Traditional river fishing at the river Sieg’s mouth into the Rhine
Since 987, fisher families in Bergheim an der Sieg have fishing rights at the mouth of the river Sieg in the Rhine. Over the centuries, the community of these families became a religiously inspired, guild-like organized association, which is called brotherhood since the late Middle Ages and still has the fishing rights today. The brotherhood teaches about flora and fauna of the area, fishing techniques as well as crafts that contribute to the existence of fishing, such as net knitting and basket weaving. The traditions are still alive today and they are celebrated in public and so form an important element of local identity.
For centuries, fishing has shaped the everyday life of the people at the Sieg and strengthened their bond with nature. A healthy fish stock was vital, which is why fishermen avoided overfishing, respected spawning season, and protected fry. A good fisherman knew habits of the fish as well as characteristics of the waters and chose suitable fishing methods. This traditional knowledge was of economic importance to the region and also promoted industries such as basketmakers, net knitters, boat builders, traders and innkeepers.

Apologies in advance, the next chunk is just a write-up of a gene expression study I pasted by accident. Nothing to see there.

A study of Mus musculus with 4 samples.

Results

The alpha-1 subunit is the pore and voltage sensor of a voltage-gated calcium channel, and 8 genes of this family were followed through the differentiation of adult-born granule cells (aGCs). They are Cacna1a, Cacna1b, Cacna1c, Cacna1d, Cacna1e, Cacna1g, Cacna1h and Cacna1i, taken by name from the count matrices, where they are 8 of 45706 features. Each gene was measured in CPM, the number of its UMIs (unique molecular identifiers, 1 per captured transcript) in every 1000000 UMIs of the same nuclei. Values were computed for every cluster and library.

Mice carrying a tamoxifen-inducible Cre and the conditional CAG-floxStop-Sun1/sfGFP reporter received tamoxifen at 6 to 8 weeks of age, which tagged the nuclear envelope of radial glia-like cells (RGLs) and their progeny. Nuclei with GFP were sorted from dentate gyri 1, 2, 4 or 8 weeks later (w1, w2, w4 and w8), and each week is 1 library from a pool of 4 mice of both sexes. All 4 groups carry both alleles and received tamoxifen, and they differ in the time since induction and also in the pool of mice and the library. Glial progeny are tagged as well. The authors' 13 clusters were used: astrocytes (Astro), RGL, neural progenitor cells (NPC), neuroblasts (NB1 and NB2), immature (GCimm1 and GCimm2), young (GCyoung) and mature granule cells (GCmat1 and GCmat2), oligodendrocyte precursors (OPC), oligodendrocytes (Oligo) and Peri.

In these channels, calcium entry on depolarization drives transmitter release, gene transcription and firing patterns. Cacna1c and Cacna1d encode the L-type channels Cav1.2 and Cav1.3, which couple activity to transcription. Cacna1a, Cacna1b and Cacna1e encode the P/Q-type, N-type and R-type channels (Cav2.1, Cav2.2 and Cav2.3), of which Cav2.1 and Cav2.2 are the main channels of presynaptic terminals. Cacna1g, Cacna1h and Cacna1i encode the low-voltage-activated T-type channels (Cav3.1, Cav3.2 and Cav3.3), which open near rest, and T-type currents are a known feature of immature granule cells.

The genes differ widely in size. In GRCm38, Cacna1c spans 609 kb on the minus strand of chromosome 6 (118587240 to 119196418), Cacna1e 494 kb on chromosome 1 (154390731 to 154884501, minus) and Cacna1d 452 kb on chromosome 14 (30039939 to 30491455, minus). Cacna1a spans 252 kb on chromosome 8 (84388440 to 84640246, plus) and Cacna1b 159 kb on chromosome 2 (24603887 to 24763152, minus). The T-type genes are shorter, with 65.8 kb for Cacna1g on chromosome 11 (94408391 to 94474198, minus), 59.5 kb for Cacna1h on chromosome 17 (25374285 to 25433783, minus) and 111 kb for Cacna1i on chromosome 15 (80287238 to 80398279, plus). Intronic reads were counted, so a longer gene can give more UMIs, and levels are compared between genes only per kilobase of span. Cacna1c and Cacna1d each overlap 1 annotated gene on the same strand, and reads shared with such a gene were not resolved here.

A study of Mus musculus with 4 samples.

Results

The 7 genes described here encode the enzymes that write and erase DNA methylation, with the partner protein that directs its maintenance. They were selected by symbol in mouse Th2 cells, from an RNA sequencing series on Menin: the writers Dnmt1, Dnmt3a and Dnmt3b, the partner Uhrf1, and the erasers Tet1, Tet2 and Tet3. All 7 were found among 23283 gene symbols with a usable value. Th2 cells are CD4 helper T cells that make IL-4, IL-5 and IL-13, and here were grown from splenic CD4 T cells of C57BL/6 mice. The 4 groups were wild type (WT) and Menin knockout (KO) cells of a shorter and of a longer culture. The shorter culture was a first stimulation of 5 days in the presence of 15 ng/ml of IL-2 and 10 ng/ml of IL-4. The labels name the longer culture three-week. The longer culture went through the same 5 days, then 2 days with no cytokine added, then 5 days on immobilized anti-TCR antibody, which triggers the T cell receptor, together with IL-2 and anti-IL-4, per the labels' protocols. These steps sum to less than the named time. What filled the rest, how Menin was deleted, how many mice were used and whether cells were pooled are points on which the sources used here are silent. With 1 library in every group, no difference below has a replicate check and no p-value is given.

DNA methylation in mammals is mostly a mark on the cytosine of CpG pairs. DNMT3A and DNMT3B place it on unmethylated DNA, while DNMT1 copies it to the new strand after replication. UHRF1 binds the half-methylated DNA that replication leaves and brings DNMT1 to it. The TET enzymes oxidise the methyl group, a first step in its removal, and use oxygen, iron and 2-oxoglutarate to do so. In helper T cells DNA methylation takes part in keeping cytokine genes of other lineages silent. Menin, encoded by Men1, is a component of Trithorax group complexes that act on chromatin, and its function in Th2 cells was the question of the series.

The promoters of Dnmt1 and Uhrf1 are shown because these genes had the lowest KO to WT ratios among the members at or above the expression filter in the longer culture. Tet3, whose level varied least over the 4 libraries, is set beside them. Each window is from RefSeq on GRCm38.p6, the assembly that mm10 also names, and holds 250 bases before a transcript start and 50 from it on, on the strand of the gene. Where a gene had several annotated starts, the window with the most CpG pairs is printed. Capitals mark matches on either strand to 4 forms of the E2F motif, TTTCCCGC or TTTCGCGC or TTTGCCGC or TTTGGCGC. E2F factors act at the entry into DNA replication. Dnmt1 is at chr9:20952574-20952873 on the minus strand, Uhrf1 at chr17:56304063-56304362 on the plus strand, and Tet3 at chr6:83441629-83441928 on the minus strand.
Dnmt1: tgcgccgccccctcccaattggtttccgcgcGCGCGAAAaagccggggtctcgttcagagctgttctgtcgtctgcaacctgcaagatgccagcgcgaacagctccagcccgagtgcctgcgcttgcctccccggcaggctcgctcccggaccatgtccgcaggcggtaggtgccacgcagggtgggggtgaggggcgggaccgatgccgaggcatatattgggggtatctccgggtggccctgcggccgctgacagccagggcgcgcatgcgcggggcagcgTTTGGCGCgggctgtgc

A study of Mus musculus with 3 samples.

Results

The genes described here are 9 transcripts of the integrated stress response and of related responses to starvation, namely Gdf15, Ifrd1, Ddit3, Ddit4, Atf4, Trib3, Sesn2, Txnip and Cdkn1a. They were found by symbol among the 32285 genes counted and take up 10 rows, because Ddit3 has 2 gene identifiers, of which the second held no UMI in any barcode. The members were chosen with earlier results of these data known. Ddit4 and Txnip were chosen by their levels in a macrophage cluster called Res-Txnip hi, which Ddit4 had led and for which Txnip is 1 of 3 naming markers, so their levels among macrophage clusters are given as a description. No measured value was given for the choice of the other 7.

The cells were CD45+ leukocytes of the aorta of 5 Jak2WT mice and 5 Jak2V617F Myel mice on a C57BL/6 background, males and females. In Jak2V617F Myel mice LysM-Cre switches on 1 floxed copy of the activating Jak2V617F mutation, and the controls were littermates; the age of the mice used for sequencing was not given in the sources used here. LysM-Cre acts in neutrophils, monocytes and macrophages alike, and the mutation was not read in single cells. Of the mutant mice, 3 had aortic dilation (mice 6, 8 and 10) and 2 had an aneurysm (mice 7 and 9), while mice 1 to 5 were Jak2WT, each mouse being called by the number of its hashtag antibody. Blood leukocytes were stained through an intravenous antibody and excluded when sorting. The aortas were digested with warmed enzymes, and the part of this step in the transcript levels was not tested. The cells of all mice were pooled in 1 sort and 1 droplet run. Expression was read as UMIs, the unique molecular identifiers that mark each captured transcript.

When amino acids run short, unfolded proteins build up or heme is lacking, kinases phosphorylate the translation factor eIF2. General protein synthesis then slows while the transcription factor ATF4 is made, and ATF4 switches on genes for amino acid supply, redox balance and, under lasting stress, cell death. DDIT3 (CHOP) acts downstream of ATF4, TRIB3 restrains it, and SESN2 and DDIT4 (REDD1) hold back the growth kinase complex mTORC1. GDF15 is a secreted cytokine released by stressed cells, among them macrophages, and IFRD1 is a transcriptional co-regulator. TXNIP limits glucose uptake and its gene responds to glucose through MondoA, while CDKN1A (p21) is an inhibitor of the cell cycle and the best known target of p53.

Today, the fishing brotherhood has about 450 members who are bonded with local nature and committed to the care of the conservation area of the Sieg meadow. The waters serve as a retreat and wintering place for various species of fish and are not open for fishing, which is why the Sieg is one of Germany’s rivers richest in fish with over 40 different species. The brotherhood is also trying to preserve and transmit old craftsmanship and knowledge about fishing. Many relics of the fishermen's craft, as well as tools of net knitters and basket makers, have found their way into a museum run by the brotherhood. All in all, the brotherhood accomplishes important tasks in the area of education, traditions and nature conservation in the lower Sieg region.